The wilderness holds great allure for us, especially in the rather oxymoronic present when people are both jaded with and addicted to the electronic wonders of contemporary civilisation. If only we could devolve, and return to a primeval way of being, right? But as Tarzan (an unfairly attractive Alexander Skarsgård in an understated portrayal) warns right in the beginning, it isn’t easy; the jungle is unforgiving and consumes everything, except the strong.
The film begins by showing us the embodiment of strength, Tarzan, bedecked in Victorian splendour and living in the U.K. with his wife Jane (Margot Robbie). “I am not Tarzan. I am John Clayton the third, member of the House of Lords,” he reminds a government official (and himself too, perhaps?), when requested to visit Africa to help investigate some nasty claims about King Leopold II of Belgium, whom history holds responsible for the systematic exploitation of the Congo Free State. John Clayton the third, not Tarzan, is a melancholy personality, like a beast in a constricting cage, and so, you can see why the invitation to visit the glorious wilderness of Africa would be torturously enticing for him.
But he refuses as it isn’t safe, mainly because tribal chief Mbonga of Congo (Djimon Hounsou) can’t wait to finish him off. Moreover, he’s happily married to Jane, who, for occupation, regales children with animal-related trivia, which includes asking them what the sound of her favourite bird is. John, of course, is in the vicinity and tweets — no, not the tweet you are thinking about.
Director: David Yates
Cast: Alexander Skarsgård, Margot Robbie, Samuel L. Jackson
Storyline: A decade after Tarzan leaves Africa for England, he returns and falls into danger
In between these developments, director David Yates interjects with glimpses of Tarzan’s past: growing up with the apes, learning the ways of the jungle, meeting Jane… I couldn’t but wonder how he got so civilised. It must not have been easy for him at all, and his early days adjusting to civilised life in England must have been the stuff of jokes, but The Legend of Tarzan isn’t the sort of film that takes itself lightly.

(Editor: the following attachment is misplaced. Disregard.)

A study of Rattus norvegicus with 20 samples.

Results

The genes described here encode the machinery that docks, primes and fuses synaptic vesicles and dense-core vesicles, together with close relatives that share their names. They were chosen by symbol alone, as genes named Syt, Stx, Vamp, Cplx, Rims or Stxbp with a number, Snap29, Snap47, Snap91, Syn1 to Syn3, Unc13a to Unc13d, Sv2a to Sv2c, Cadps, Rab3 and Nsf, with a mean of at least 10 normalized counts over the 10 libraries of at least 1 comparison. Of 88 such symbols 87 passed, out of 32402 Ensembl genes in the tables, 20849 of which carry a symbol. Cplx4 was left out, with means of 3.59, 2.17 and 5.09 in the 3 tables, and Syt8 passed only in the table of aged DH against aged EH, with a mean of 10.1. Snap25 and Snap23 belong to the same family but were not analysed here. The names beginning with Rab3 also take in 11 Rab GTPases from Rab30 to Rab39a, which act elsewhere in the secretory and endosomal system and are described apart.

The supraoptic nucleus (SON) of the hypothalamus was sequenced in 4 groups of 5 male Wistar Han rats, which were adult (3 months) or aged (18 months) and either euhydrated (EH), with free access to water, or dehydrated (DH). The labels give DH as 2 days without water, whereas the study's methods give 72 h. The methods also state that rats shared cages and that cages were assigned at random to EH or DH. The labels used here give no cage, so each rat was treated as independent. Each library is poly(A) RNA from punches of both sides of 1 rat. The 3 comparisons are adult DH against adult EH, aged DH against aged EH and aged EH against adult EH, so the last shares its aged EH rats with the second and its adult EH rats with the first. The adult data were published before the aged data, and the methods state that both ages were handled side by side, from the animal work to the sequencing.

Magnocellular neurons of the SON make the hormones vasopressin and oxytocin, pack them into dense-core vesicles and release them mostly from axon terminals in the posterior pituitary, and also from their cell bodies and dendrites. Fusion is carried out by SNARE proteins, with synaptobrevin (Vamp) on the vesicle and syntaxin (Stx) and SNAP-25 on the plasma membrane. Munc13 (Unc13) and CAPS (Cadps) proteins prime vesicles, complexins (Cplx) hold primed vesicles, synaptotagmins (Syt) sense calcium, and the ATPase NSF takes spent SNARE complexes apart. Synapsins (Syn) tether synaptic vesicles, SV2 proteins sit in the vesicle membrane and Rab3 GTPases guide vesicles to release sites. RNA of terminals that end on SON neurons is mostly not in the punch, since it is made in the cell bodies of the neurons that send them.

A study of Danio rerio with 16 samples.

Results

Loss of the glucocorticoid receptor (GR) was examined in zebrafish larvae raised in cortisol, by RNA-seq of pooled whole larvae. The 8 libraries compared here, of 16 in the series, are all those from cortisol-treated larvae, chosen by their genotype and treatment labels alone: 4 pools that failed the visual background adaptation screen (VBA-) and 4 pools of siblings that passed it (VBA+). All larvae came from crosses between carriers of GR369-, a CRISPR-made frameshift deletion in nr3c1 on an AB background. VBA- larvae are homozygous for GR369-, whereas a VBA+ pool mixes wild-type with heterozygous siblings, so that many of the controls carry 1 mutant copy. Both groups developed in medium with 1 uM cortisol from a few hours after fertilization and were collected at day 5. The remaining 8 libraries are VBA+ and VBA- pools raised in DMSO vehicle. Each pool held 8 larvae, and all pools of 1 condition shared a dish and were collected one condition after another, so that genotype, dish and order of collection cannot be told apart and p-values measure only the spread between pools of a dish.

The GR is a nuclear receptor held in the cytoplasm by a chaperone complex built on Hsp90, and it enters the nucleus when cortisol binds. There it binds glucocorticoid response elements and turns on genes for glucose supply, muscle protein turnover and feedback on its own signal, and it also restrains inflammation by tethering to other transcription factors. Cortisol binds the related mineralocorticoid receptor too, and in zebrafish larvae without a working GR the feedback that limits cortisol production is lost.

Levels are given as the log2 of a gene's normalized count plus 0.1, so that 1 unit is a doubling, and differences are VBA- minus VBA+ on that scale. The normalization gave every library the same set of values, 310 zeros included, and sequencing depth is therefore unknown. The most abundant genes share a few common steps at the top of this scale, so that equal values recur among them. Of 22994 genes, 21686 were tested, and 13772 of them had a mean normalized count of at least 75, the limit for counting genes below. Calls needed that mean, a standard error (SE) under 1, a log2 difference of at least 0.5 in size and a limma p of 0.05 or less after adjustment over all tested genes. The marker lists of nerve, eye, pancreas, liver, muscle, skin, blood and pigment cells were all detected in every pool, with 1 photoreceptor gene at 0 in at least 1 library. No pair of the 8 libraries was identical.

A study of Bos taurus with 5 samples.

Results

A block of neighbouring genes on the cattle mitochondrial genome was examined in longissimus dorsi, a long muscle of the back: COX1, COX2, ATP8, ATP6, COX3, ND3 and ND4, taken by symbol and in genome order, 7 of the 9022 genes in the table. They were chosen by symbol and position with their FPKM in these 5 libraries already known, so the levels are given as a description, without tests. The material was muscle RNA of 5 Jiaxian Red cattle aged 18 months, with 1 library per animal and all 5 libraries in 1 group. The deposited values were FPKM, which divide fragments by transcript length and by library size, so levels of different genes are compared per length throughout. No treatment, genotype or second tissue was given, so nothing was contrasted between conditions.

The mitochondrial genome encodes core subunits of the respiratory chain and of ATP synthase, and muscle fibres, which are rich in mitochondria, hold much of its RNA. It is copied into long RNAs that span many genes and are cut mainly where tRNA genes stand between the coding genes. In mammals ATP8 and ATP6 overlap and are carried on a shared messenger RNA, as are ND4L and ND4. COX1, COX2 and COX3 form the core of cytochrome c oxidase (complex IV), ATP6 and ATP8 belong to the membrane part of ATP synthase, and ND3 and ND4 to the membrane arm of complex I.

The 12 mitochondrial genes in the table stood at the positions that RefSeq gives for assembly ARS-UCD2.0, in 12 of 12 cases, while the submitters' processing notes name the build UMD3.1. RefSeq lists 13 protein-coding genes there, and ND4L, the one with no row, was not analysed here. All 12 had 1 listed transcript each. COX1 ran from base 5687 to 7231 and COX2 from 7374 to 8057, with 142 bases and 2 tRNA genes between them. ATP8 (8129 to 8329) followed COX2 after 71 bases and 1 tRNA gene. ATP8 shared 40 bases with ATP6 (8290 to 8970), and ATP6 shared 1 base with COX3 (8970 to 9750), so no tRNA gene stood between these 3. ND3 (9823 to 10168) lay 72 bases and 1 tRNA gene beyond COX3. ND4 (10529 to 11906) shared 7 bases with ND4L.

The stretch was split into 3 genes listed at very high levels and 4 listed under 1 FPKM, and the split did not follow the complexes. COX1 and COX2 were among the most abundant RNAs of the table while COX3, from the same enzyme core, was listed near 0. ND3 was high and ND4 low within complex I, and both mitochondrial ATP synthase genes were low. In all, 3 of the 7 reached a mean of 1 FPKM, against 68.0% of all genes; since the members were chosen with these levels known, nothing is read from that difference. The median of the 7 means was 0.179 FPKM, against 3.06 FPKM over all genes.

On the contrary, it takes on all sorts of issues including white supremacy, tribal exploitation, slavery… you get the idea. In films such as this, it’s almost mandatory that you have a white man playing the villain, partly to try and offset the damage caused by having another playing the saviour. And so, Christoph Waltz plays Captain Leon Rom, a Christoph Waltz-like villain, who’s so suave that after having his hostage taken away in chains during the middle of dinner, he’s still particular about keeping her knife and fork in position. So proper is he that Jane, when under some stress and in search of an insult, notes, “The right side of your moustache is lower than your left.” She knows that’d suffice to ruin his sleep that night.
Leon Rom, despite these quirks, is no great adversary. You never really feel that Tarzan and Jane are ever in serious danger. Even Jane, I think, knows it all along, which explains her perennial smug smile even when held captive and surrounded by enemies.
The actor, who truly radiates light and life into the film, is Samuel L. Jackson, as George Washington Williams, the gun-toting companion of Tarzan, who has the impossible task of keeping up with him in the African wilderness. He invigorates the film with some much-needed humour, and is an able foil to the melancholy of John. But John turns into Tarzan, and sheds his gloom when he eventually treks the vast landscapes of African wilderness, where you get the film’s most enjoyable and warmest parts.
When he encounters lionesses and kneels down to rub his face against theirs, you recognise that he’s finally free from the shackles of civilisation. He’s almost gleeful to be in their company, and when later, a herd of ostriches thunder past George and him, he even loosens up so much that he begins doling out animal advice to George. “It’s a male ostrich. If you get too close, his talons will disembowel you.” Africa is his home, his territory, and it is here that he truly belongs and he doesn’t let go of an opportunity to assert his supremacy.
David Yates doesn’t stop with ostriches, of course. You’re shown apes. And then, a herd of African elephants. Much later, a pod of hippos. These aren’t particularly well-integrated into the storyline, and I didn’t quite feel any great sense of wonder if that’s what Yates was going for. All these bits are designed to lead us to the great, epic finale — you know, man vs beast, spears vs guns, tribals vs soldiers. But the problem is, it never really comes.